September 2007

Question: We are looking for a compatible duct sealant that is resistant to concentrated nitric acid.  The installation will use 316 stainless steel to vent activities in a laboratory fume hood.

Answer: Nitric acid is one of the most difficult acids to seal against. Several sealants will resist it, but if you need the absolute best solution you should consider using a fluoroelastomer. These sealants are most commonly used as pre-formed gaskets or O rings, but they are also available as liquid sealants. They usually come in a two-component form where you mix the sealant with a curative.

Question: We supply RTV silicones to the home do-it-yourself market for use as bathtub sealants, etc. Is there a way to prevent fungal growth and the yellowing of these products on a long-term basis?

Answer: The basic structure of the cured silicones, called polydimethylsiloxane, does not support the growth of fungus. However, in a home environment exposed to organic contaminants such as dirt, detergents, etc., it is possible to get fungal growth. While it is normal to add fungicides to these sealants, they are often fairly toxic chemicals, which means there are limits to the amount you can add to a consumer product. They can also be washed out of the sealant over a long period of time.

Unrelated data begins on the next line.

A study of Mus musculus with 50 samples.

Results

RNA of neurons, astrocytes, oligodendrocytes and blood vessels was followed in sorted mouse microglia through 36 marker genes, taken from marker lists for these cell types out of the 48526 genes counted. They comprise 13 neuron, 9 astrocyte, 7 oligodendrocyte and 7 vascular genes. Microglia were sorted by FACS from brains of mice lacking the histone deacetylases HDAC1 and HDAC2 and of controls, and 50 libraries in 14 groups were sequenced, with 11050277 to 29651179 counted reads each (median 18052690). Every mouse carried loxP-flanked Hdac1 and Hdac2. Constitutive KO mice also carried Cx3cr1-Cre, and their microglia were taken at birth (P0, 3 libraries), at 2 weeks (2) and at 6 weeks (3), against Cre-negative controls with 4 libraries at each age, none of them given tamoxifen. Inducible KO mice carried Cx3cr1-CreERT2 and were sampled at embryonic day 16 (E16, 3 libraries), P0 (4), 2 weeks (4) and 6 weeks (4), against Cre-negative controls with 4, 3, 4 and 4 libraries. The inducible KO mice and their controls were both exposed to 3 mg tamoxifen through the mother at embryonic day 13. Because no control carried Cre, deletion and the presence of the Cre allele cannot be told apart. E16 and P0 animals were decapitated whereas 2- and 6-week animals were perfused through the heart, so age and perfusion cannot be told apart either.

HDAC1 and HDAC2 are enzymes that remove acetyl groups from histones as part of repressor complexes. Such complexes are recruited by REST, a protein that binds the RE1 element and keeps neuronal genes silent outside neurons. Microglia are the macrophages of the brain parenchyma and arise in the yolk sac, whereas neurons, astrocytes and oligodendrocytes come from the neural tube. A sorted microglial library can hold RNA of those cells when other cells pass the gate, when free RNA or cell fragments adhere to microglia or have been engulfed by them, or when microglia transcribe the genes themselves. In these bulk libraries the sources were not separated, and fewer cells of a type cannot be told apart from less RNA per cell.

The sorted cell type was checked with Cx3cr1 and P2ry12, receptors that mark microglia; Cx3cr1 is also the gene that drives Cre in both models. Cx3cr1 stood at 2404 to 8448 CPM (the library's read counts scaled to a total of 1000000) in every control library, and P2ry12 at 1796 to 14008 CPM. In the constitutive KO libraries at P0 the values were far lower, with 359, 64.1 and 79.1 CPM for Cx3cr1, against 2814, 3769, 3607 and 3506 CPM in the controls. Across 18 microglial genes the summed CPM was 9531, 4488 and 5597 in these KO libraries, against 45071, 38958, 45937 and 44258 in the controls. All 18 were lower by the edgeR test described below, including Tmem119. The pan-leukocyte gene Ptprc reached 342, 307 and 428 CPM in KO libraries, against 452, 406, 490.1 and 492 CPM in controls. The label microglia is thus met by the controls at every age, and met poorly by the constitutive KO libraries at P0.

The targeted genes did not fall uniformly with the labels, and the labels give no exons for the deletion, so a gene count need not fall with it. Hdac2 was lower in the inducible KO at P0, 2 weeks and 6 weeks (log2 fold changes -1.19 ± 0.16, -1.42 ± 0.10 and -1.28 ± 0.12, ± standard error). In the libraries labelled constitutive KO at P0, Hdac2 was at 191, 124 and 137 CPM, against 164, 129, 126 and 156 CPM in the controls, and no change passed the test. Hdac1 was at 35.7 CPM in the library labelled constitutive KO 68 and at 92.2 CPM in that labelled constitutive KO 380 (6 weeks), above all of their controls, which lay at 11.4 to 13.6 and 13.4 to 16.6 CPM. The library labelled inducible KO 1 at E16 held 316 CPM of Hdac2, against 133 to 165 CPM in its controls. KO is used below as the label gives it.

The yellowing of the silicone is a more complicated subject that is often related to some of the catalysts that are used in its preparation. Some companies claim that new formulations can overcome this problem. The bottom line on silicone sealants is that they offer outstanding long-term performance versus alternatives, but they only have a limited lifetime from an aesthetic point of view. I once asked a senior scientist from a major silicone manufacturer for advice on the best product to use as a bathroom sealant, and he replied, “Use one that can be easily removed in a few years because it will eventually discolor.”